Business in Focus: Thinking Putty

A closer look at companies executing leadership excellence

If you ask Aaron Muderick what he does for a living, he’s likely to say, “Professional Kid”.  Muderick, a fidgety computer scientist, was constantly playing with Silly Putty while thinking at work.  One day, he borrowed some textbooks from a friend who had just completed her Ph.D. in chemistry.

He learned enough from the borrowed books to teach himself how to invent what he calls “Thinking Putty”. His company’s mission of occupying idle hands goes beyond creating cool desk toys. Muderick’s other goal is to provide employment opportunities for people living with intellectual disabilities.

In high school, he worked in a dog tag factory. He noticed that the only employees who seemed to really care about the job was a group of people with intellectual disabilities. When it came time to expand Thinking Putty from his basement, Muderick immediately thought of hiring people with physical and intellectual disabilities.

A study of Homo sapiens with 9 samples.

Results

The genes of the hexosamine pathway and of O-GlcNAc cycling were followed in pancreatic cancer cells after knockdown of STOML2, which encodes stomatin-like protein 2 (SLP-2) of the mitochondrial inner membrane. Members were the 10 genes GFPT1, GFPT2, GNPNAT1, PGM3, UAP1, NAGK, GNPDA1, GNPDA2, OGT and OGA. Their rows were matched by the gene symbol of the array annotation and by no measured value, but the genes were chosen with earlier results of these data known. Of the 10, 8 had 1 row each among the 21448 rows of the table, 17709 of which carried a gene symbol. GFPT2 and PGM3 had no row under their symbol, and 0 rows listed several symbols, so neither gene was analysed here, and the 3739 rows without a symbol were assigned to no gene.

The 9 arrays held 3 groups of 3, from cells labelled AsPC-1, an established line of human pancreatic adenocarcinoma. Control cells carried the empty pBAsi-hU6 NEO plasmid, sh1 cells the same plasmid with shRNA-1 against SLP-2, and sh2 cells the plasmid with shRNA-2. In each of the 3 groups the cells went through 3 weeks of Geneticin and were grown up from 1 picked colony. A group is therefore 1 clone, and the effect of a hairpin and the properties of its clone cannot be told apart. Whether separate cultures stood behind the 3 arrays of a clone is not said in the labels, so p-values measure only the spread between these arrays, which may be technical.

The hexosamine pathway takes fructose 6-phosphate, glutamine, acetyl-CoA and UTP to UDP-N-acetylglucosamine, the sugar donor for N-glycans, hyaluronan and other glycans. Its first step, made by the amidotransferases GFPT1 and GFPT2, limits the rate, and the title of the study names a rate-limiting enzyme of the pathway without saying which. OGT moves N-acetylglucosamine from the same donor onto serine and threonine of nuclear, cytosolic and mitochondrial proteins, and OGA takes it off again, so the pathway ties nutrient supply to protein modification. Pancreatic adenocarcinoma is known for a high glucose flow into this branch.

Although it would be more cost effective to have Thinking Putty manufactured outside of the United States, there is much more to Muderick’s business model than bottom line profit.

“As kind of crazy as it sounds to send something half way across the world to put it in a box and send it back, it costs less money,” said Muderick in an interview for CBS. “But I just didn’t want to go down this path.  Guys on the floor get to talk to me, and I get to talk to them, and we have a relationship.”

ThinkingPutty2 copyMuderick encourages other business owners in the Philadelphia region about employing people with intellectual disabilities. According to a report prepared for the Employer Assistance and Resource Network on Disability Inclusion (EARN), employing people with disabilities has been shown to benefit businesses due to lower turnover, increased productivity and access to a broader pool of skilled workers.

For people with disabilities, like those who work at Thinking Putty, employment means greater economic self-sufficiency, an opportunity to use their skills, and more active participation in community life.

Kudos to Aaron Muderick, Professional Kid!